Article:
Elder Law Comes of Age
by Jennifer B. Cona, Esq.
There is nothing static about the field of Elder Law. For a relatively new practice area, Elder Law has seen dramatic changes, both in the changes to the federal and state laws governing the practice and in how Elder Law attorneys address the needs of our clients. From the genesis of the field, which grew out of a traditional trusts and estate practice, through the “Granny’s goes to jail years” and the short-lived “Granny’s advisor goes to jail” years, we are now left struggling with the ever-tightening noose of the Deficit Reduction Act of 2005 and other budget-cutting initiatives on both the federal and state levels aimed at dealing with an exploding senior population and equally exploding costs of healthcare.
It’s a simple fact that America is “graying.” Healthcare, medical and technological improvements are helping us live longer and, therefore, our seniors are the fastest growing segment of our population. Further, as the baby boomers approach their 60s, their aging and planning issues are becoming paramount. As a result, the field of Elder Law is becoming ever more multigenerational. The adult children are often involved in the parents’ asset protection planning process and the children themselves become aware of the need to plan earlier. This is especially true since the passage of the Deficit Reduction Act with its harsh five-year look-back period and new commencement of penalty period rules. Baby Boomers are witnessing the value of early planning as they struggle through the process with their parents.
Elder Law is also becoming more of a women’s issue. Not only do women live longer than men statistically, women suffer from more chronic conditions than men. As a result, women engage health care services in greater numbers. Further, women are by and large the caregivers in the family. Women take more time off or quit their jobs altogether in order to care for aging and/or ill family members. As such, their own retirement plans and Social Security benefits are cut short and when those caregivers ultimately face old age themselves, they will be in a less viable economic position, leading of course to greater reliance on public health benefits.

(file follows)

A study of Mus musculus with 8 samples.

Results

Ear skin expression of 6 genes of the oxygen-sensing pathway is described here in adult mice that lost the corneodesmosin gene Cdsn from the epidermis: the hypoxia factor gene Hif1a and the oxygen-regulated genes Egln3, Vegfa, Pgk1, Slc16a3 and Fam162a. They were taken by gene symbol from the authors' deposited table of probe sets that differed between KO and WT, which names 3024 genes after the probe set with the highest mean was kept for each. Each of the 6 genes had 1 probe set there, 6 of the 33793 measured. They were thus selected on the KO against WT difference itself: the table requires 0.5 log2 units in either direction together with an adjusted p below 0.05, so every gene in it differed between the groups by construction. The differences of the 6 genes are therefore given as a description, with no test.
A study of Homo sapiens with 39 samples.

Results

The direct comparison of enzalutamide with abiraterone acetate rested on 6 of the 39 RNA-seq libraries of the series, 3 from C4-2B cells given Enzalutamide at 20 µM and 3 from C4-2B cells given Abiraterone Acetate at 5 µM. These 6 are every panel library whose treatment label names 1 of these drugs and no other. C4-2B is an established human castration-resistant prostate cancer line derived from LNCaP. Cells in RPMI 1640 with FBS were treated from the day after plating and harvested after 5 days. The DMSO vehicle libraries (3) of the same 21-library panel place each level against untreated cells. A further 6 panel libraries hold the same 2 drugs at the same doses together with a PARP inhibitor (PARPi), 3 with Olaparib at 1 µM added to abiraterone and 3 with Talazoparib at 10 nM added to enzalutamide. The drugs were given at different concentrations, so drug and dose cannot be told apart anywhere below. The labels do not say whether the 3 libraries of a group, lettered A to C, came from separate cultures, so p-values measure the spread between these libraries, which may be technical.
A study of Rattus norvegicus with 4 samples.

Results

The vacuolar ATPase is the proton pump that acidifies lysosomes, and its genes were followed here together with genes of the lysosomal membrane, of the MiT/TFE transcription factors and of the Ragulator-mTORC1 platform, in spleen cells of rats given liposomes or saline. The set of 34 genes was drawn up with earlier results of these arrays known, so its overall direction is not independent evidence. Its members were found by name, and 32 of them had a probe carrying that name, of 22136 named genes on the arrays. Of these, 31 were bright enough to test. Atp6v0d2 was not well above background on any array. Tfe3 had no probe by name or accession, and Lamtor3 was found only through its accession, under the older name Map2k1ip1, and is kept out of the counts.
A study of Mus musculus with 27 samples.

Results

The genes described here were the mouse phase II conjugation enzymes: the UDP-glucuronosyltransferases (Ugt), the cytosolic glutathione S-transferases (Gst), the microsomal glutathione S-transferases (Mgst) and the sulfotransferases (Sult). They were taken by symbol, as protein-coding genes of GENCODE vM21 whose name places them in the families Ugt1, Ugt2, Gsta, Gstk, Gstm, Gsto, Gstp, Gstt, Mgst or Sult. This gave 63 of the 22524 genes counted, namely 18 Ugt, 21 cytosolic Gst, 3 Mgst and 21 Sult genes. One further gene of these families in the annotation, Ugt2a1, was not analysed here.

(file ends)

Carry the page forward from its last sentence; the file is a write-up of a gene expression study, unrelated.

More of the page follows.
It’s of course not just the United States dealing with the issues of an aging population. According to Dr. Jeffrey Rosenfeld, Gerontologist at HofstraUniversity, “While America grasps with addressing the needs of its aging population, other countries are addressing their own aging population in their own way. For example, the Japanese have created a robot called Yorisoifbot to assist the elderly. Yorisoifbot has the ability to remind the elderly when to take their meds and provide them with assistance in multiple areas.” In Germany, criminal activity among the elderly is rising as the incidence of elderly Germans robbing banks because they have no money for food. Also in Germany, prostitutes are being taken off the streets and re-trained as home health care workers. Stories abound of adult children taking their parents to live in Mexico or India where, for a fraction of the cost, they can get medical care and one-on-one attention and assistance that would be prohibitive in the United States.
With the passage of the Deficit of Reduction Act, Elder Law attorneys have been forced to invent creative planning solutions on short notice. As a bar, we were quite comfortable with the planning options available and could navigate our clients through each scenario with relative ease. Not so any longer. In many circumstances the attorney is educated along with the client all at the same time. It can be very difficult to “advise” a client by offering a series of untested options, each being more difficult to explain than the next and none of which offer any guaranteed outcome. While professionally challenging and offering room for legal creativity, which is very exciting, clients don’t generally appreciate being the guinea pig in our sometimes elaborate plans.
Only time will tell how our seniors will be able to plan to preserve their hard-earned assets, whether in advance or in the more typical “crisis planning” mode. Many Fair Hearings and Article 78 proceedings must be held before the Elder Law bar has some semblance of a body of law upon which to rely. In the meantime, those of us who are along for the ride should take the time to relish the creative opportunities, the advocacy opportunities and look forward to the day when we can again have all the answers and a concise set of rules upon which our clients can rely on for some peace of mind.
As a field, Elder Law is, of necessity, likely to expand into ever-increasing bioethical issues, housing issues, grandparents’ rights and more. As Elder Law attorneys, we need to grow and adapt to these changes in order to meet our clients’ demands. Further, we need to focus on the dignity of and take steps to ensure that our seniors are protected not only legally and financially but that their dignity remains place for the rest of their years.
Note: Jennifer Cona, partner and director of the Melville law firm, Cona Elder Law, practices Elder Law and Trusts and Estates, advocating for seniors and their families on Medicaid planning and Estate planning. Ms. Cona also represents hospitals and nursing homes, providing counsel on institutional benefits, guardianships and regulatory issues. She is a member of the National Academy of Elder Law Attorneys (NAELA) and the founder and chair of the New York Advanced Elder Law Focus Group.